Georgia River Network (GRN), creator of Paddle Georgia, an annual week-long summer canoe/kayak camping adventure, will return to the Flint River this October for its fifth edition of Paddle Georgia Fall Float on the Flint.
The event is set for Oct. 6-8, charting a course from Baconton, just downstream from Albany, to near Bainbridge.
Online registration is now open at http://www.garivers.org/paddle_georgia/fallfloat.html Registration fees are $325 for adults, $280 for children 8-17 and $140 for children 7 and younger. Fees include six catered meals, camping facilities with restrooms and showers, shuttle service, event t-shirt and more.
The trip coincides with continuing efforts to create the Flint River Water Trail, a recreational boating trail spanning the length of the river from near Jonesboro to Bainbridge, as well as efforts to clean up ongoing pollution problems stemming from the City of Albany’s sewage system.
Recently, the city has been plagued by pump failures that have caused spills of raw sewage into the Flint. For years, the city has struggled to control spills that occur when heavy rains cause water to flow into sewer lines and result in overflows into the river. These spills can create unhealthy conditions for those who swim in the river or otherwise come in contact with the water.
“While the river is usually safe for boating, fishing and swimming, these spills create uncertainty for river users,” said Flint Riverkeeper Gordon Rogers. “It is difficult to know when a slug of polluted water is coming down river. This shouldn’t have to be a consideration when planning trips on our river.”
To ensure not only a safe Fall Float, but also better information for all river users all year long, Flint Riverkeeper began weekly monitoring of bacterial levels on the lower Flint, from Albany downstream, in mid-July. The organization plans to continue the monitoring for the foreseeable future including the days leading up to Fall Float and during the journey to provide information about pollution levels to participants.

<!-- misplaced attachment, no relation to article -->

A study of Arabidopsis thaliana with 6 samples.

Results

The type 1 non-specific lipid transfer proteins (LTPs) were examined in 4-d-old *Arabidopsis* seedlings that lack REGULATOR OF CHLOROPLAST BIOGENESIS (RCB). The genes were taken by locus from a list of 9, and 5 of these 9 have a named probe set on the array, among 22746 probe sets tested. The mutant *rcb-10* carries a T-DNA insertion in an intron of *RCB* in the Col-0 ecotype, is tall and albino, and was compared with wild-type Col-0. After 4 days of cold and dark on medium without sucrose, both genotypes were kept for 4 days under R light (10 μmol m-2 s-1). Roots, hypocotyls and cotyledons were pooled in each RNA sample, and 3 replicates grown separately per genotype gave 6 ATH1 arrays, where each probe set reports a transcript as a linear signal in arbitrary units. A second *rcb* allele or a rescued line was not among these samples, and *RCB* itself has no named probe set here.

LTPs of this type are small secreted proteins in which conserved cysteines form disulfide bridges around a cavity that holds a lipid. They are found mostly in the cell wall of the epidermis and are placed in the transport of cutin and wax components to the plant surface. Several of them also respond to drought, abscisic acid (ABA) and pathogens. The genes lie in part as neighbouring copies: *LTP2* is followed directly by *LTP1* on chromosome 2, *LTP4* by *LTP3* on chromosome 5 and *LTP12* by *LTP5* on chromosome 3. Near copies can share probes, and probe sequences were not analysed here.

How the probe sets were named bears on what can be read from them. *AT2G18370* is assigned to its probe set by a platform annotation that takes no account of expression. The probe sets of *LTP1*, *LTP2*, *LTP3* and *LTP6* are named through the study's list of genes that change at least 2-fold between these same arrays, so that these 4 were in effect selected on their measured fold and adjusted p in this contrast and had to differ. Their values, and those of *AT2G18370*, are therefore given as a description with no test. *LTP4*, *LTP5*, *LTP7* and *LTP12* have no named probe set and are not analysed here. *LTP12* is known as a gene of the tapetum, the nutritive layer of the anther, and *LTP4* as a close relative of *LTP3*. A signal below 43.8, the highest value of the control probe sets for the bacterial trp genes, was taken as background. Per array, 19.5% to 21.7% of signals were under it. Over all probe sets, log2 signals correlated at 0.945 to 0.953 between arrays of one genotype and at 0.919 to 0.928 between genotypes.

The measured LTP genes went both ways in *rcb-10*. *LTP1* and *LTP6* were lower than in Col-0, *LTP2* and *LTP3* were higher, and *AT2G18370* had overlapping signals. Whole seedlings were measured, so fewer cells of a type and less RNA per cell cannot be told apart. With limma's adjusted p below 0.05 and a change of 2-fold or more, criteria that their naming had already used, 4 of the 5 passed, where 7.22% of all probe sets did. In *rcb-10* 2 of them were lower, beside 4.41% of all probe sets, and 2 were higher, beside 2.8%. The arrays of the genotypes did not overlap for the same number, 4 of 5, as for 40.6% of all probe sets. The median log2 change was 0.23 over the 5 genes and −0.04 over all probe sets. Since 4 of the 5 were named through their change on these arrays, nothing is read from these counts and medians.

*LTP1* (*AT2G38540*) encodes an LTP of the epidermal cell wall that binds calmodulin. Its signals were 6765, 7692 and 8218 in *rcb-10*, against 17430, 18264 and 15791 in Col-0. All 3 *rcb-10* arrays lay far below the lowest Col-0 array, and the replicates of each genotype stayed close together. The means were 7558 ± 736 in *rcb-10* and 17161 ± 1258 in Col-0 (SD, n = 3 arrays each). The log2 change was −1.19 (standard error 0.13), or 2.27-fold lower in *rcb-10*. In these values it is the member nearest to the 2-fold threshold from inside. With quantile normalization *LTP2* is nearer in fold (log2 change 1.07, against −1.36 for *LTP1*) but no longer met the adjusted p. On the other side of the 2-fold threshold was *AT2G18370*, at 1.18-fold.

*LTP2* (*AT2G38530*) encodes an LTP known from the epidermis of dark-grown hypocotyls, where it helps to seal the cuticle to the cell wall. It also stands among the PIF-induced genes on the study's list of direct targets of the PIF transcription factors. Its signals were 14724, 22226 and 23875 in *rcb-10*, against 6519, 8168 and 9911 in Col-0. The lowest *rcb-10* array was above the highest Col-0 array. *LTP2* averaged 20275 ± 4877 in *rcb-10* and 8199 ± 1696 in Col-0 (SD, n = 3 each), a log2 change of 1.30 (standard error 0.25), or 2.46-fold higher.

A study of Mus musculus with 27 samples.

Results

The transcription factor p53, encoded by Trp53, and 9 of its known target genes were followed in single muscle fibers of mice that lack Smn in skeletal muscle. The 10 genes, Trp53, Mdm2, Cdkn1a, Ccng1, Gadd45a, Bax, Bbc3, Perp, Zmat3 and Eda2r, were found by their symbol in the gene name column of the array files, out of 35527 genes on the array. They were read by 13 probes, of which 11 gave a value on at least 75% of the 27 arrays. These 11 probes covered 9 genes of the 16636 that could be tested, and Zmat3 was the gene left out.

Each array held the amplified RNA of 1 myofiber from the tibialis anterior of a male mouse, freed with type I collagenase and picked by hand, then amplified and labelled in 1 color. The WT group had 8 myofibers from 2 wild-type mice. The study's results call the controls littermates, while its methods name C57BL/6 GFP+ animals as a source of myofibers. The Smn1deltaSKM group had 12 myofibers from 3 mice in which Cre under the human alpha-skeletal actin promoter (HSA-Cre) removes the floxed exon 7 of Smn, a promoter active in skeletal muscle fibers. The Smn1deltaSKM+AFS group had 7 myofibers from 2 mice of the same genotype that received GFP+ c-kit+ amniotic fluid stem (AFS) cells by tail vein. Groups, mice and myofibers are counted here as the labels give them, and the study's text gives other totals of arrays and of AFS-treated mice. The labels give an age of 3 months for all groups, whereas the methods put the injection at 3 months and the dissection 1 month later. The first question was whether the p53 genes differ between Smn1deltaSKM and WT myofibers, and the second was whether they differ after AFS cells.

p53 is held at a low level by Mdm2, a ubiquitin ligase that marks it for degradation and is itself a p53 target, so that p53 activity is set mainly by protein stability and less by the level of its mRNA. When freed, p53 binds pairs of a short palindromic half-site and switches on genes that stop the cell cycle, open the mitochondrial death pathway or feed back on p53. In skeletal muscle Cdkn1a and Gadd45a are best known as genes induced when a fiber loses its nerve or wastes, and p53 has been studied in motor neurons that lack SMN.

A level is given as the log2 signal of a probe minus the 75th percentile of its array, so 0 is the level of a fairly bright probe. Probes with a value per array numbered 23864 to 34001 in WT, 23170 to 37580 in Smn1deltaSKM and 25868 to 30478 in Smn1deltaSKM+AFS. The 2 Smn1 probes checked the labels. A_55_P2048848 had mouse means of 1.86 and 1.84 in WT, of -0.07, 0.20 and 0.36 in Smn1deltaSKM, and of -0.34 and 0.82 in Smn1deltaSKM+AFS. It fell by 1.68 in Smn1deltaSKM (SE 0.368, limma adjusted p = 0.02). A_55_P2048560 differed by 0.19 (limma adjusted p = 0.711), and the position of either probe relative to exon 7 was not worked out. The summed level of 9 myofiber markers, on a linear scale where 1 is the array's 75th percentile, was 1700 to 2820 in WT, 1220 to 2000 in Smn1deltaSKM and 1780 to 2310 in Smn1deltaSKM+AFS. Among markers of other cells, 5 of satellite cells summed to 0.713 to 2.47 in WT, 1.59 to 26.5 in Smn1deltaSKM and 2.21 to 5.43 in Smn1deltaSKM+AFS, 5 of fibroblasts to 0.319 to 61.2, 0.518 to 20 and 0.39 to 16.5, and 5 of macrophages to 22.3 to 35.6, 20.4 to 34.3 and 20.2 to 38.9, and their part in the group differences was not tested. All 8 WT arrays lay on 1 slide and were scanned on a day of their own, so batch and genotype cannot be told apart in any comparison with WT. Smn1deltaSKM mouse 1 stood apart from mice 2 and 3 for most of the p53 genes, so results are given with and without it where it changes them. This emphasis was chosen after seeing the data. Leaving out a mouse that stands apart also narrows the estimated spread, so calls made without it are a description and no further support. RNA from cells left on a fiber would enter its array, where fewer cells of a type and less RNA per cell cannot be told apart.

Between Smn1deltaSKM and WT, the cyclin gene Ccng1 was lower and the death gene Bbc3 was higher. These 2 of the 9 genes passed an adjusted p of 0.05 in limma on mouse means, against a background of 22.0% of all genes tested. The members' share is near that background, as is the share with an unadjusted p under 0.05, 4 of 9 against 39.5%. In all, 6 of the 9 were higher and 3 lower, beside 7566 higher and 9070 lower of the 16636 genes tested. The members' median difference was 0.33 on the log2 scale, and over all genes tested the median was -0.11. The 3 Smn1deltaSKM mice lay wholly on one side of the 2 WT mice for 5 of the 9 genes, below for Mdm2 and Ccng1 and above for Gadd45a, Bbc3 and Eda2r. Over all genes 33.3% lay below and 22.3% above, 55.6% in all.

“This is not a problem that is unique to the Flint," said Joe Cook, Paddle Georgia Coordinator. "It’s a consideration on virtually every river in the state. Part of the purpose of Georgia River Network’s paddle trips is to bring attention to these problems and encourage improvements so that all our rivers are free from pollution 365 days a year.”
This trip highlights one of the most scenic sections of the river, featuring lively shoals, limestone bluffs and beautiful blue hole springs.
In addition to traveling about 16 miles on the river each day, participants will have the opportunity to learn about issues impacting the Flint, take part in water testing programs with Georgia Adopt-A-Stream and learn about the river’s unique fishes and mussels from biologists and scientists. The group will camp for three nights at Rocky Bend Flint River Retreat, a campground located on the river in Newton
The trip is suitable for novice paddlers as well as experienced paddlers. Paddlers range in age from four to 84, with many families participating. In 2017, more than 120 paddlers made the three-day Columbus Day weekend journey.